The Secret To Make Your Chow Mein Taste Just Like Chinese Food Takeout

Our affinity for Chinese takeout food doesn't entirely revolve around it being so cheap — we cannot get over how delicious it (usually) is. However, one of the best things about Chinese food is that you can easily make plenty of dishes at home, and that includes chow mein.

First things first. Chow mein can mean different things depending on where you're from. On the East Coast, you might be served crispy, deep-fried noodles, but on the West Coast, the noodles are steamed and stir-fried. "Chow mein" translates to "fried noodles." In mainland China, the dish is stir-fried.

Stir-frying noodles with some vegetables, aromatics, and protein doesn't seem challenging, but making it taste just like takeout can be a bit difficult, even when you follow a recipe step by step. The devil is in the details, and in this case, they're in a bottle of Chinese cooking wine. Also known as Chinese rice wine or Shaoxing wine, it imparts a briny flavor with a hint of sweetness and gives chow mein that unmistakable takeout flavor. It is made by fermenting glutinous rice.

Since Chinese cooking wine is most often used in stir-frying, authentic Chinese chow mein recipes call for it. Adding a tablespoon (or two) of the cooking wine to your chow mein will enhance and balance the flavor. It imparts a slightly sweet and acidic taste. The wine's amber color gives the dish a delicious caramel hue.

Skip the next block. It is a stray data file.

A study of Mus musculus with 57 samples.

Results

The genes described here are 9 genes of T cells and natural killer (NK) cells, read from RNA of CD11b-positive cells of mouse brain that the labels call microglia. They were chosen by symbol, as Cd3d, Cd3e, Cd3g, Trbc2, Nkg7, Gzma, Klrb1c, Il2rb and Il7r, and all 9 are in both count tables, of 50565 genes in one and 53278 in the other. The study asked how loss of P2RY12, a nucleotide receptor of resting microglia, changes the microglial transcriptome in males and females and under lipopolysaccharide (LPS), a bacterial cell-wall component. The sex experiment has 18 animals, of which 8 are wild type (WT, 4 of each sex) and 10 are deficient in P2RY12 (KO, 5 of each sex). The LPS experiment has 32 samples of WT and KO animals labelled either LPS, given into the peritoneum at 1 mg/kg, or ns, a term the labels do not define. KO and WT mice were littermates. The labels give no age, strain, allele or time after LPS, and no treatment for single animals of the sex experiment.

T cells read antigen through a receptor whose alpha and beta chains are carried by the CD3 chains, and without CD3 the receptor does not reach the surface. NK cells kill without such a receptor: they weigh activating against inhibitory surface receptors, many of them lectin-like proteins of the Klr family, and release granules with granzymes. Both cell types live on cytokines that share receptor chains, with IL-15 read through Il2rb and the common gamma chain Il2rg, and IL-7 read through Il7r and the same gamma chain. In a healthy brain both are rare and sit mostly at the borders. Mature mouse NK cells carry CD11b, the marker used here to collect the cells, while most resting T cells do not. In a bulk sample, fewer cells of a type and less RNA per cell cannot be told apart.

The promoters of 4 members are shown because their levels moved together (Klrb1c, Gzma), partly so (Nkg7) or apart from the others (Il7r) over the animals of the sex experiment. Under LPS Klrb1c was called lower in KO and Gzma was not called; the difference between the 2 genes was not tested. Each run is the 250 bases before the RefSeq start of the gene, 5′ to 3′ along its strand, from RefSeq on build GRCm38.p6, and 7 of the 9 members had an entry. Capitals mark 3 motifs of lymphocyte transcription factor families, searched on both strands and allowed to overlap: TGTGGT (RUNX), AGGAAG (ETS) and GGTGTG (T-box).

An indispensable ingredient in Chinese cooking

Cooking wine is extensively used in Chinese cuisine. Along with chow mein, it is used to make wontons, vegetables, dumplings, broths, stir-fry sauces, and much more. Aside from enhancing flavors in dishes, Chinese cooking wine is also extensively used to marinate meats and remove the gamey odor. You can easily get your hands on this ingredient, but in case you don't have it, you can substitute the cooking wine with dry sherry, dry vermouth, and dry white wine.

The cooking wine might be key to nailing that authentic takeout flavor, but if you really want your chow mein recipe to shine, you will need a few other ingredients, including soy sauce. Regular soy sauce will give the noodles a flavor boost, and dark soy sauce will give it a nice brown color. Some people also like to add chicken stock or MSG to bring out an umami flavor. As for the pan, you can also use a regular one to make chow mein, but a wok is ideal for stir-frying since it heats up quickly and has enough space for you to toss the noodles.